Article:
As aging Americans increasingly grapple with dementia, churches have a growing opportunity to minister to exhausted caregivers and to comfort the forgetful
The Nazi occupation of British territory during World War II might seem an unlikely setting for a feel-good, heartwarming story. But The Guernsey Literary and Potato Peel Pie Society (Netflix) is a delightful two-hour escape, with drama, humor, and a cast that will be familiar to many.
The movie is based on a 2008 book written by Mary Ann Shaffer after a brief visit to Guernsey, an English Channel island near the French mainland. The author was intrigued to learn about the island’s occupation from 1940 to 1945. Despite the chance to evacuate, Guernsey’s residents largely stayed put, with the exception of most of the children, who were shipped off to England. The Germans fortified the island with stout defenses, bringing in slave labor from Poland and Russia to build watchtowers along the shoreline.
The opening scene is set in London in 1946. Juliet Ashton (played by Lily James) seems to have it all. Her career as an author is beginning to take off. Life in England after the Allied victory is full of joy, and her rich, handsome American boyfriend has just proposed, with the promise of a fabulous future life together in New York City. In the midst of all this, a letter arrives from Dawsey Adams (Michiel Huisman), a pig farmer living on Guernsey.
Dawsey had found Juliet’s address in a copy of a book by Charles Lamb that was a comfort to him during the occupation. In these pre-Amazon, pre-internet days, he asks if Juliet can help him to find more books by the same author, to be shared with the members of the intriguingly named Guernsey Literary and Potato Peel Pie Society.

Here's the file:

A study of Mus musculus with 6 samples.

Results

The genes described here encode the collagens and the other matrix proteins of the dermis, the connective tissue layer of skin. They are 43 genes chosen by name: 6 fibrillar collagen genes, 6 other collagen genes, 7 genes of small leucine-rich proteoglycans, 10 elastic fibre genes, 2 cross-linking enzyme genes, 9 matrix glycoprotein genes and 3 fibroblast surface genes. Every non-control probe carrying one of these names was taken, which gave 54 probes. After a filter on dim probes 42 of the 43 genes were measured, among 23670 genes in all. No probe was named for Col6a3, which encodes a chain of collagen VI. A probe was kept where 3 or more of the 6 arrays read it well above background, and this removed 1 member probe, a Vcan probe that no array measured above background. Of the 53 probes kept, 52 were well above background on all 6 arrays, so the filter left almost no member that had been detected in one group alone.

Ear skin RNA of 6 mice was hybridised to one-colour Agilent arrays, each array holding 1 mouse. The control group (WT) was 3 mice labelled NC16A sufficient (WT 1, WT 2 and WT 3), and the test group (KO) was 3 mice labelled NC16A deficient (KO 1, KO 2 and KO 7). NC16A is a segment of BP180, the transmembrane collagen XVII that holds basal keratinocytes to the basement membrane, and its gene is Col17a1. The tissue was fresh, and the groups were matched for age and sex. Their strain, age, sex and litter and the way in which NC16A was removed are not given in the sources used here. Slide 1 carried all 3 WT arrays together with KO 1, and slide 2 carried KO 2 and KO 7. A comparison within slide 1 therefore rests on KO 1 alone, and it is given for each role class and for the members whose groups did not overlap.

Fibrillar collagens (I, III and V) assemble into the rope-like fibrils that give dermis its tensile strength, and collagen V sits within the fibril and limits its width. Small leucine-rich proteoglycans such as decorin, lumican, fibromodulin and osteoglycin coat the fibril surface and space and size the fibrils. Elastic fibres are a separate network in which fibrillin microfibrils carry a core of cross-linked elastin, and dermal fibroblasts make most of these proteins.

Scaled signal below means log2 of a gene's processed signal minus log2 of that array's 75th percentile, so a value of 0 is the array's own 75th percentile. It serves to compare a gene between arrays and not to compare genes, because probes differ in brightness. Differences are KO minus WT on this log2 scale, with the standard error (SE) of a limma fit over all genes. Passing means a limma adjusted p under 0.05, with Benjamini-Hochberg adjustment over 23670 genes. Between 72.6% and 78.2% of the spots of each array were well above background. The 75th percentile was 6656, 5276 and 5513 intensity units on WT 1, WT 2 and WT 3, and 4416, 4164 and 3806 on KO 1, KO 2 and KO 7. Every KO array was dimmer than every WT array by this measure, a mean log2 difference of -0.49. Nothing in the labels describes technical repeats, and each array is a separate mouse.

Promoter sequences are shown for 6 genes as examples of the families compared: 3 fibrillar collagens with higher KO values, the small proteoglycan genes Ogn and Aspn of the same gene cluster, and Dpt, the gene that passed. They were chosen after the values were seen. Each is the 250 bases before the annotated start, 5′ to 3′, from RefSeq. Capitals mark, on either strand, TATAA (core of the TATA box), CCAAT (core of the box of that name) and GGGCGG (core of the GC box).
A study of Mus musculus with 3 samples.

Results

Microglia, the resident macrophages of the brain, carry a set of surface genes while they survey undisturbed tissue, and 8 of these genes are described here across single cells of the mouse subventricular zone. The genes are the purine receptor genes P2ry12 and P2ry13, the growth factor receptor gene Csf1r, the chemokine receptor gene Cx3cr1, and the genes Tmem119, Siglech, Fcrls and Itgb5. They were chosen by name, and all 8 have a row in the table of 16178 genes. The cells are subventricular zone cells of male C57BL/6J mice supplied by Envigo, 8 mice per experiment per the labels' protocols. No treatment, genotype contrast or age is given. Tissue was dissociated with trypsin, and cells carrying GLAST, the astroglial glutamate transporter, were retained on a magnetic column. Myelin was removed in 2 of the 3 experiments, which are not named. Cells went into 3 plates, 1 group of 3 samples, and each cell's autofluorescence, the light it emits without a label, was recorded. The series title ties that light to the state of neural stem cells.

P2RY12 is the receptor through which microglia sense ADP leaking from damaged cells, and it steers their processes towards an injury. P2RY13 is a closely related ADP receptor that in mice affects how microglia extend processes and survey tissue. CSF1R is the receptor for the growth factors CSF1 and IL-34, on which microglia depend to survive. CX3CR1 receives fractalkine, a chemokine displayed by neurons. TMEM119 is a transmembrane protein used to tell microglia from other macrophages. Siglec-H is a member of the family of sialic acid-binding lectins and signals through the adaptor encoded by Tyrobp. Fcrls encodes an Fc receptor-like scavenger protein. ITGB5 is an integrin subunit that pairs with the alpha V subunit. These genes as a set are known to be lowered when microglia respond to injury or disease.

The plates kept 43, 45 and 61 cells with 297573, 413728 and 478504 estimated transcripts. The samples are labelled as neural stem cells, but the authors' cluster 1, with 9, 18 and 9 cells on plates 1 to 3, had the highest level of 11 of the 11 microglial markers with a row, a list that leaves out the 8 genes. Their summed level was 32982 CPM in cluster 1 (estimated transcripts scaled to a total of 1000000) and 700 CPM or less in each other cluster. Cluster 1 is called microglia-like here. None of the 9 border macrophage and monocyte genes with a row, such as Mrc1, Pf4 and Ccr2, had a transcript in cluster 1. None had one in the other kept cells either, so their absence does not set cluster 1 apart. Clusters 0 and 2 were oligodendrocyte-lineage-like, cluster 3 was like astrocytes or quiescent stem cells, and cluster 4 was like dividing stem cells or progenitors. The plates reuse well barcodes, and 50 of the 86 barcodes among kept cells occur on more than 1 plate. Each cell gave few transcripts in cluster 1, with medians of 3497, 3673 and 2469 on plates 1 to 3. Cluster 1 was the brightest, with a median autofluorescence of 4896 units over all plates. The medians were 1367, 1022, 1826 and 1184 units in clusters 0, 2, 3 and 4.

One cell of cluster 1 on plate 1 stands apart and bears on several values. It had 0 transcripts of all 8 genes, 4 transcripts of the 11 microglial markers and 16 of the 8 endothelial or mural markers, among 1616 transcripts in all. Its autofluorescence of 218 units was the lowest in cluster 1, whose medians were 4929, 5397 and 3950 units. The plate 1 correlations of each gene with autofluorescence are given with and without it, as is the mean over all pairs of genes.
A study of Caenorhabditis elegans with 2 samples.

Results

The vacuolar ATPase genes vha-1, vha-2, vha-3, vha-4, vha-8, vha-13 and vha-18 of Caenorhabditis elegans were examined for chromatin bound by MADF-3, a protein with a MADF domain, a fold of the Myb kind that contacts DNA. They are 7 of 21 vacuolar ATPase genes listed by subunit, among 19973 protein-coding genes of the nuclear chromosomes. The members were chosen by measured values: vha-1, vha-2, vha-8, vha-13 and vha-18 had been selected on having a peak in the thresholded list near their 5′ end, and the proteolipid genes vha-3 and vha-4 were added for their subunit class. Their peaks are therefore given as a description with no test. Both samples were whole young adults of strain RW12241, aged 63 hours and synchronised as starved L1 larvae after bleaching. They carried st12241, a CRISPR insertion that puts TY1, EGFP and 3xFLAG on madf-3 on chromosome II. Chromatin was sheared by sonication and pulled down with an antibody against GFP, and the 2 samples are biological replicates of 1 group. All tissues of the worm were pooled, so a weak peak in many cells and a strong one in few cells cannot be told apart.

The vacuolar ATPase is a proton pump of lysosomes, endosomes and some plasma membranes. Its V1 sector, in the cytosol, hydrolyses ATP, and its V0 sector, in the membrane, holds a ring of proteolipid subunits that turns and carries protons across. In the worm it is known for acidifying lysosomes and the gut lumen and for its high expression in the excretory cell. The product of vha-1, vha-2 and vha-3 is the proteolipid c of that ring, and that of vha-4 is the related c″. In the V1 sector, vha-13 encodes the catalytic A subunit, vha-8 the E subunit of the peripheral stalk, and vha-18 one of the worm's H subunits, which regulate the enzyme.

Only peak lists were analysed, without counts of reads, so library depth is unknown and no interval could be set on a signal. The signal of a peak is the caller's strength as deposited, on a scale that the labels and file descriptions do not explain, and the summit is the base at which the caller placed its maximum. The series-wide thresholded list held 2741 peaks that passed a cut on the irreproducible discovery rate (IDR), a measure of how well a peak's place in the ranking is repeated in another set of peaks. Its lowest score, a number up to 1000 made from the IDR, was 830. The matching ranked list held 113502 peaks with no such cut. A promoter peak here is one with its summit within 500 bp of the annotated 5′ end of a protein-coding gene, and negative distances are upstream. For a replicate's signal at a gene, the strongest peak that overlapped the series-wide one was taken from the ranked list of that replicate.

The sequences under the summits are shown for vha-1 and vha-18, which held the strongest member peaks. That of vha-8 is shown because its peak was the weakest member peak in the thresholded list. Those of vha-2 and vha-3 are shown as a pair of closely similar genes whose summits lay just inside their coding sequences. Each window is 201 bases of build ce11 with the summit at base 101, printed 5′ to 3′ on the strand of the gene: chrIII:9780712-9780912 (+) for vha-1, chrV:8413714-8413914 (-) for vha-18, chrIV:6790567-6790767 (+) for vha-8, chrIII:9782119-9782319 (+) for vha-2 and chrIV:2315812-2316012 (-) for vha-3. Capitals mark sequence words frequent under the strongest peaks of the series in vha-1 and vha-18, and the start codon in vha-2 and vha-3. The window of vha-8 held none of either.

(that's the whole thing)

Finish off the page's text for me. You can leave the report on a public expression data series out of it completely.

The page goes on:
Juliet is happy to help, and in a series of letters, learns enough about the society to tantalize her: She must visit Guernsey and find out more about how this book club came to be, and how its members used literature and the bonds of friendship to help get them through dark and difficult days. Juliet decides that this would make the perfect subject for a London Times article.
The first meeting of the literary society that Juliet attends makes clear that she will need to earn the trust of the members before she can learn more. What secrets are they hiding, and why can’t they talk about them now that the war is over? Why won’t they allow her to write about them for the newspaper? Gradually, the Society members open up to Juliet, and she learns about one of their founders, Elizabeth, an inspirational figure and an outspoken friend to the downtrodden.
Elizabeth was indignant at the mistreatment of prisoners of war by the Nazis and showed great courage to help those under that yoke. Yet she did not judge the occupiers as a whole: Her friendship with one young soldier blossomed into romance. Juliet wonders: Where is Elizabeth, and what will become of the daughter she left behind?
This is not the kind of movie one watches for its twists and turns: It has a fairly predictable plot. Nevertheless, the story is well-told, and the costumes and scenery of 1940s London and Guernsey are beautifully filmed. How different life was just a few generations ago is brought out again and again, in both civilized London, and even more so on the more idyllic Guernsey. Consider the words of Juliet’s landlady as she makes her way up the stairs: “No more typing now, Ms. Ashton. It’s well after 10!”
Fans of Downton Abbey will find familiar faces among the cast. Leading actress Lily James played Lady Rose MacClare on the popular series. Viewers will also see Jessica Brown Findlay (Lady Sybil), and Penelope Wilton (Isobel Crawley), along with other familiar faces and voices.
The movie will not win any Oscars and did not break any new ground in the art of moviemaking. Yet it makes for an enjoyable evening of entertainment, with a few tugs at the heartstrings. A few references to extramarital relations make it less suitable for younger viewers.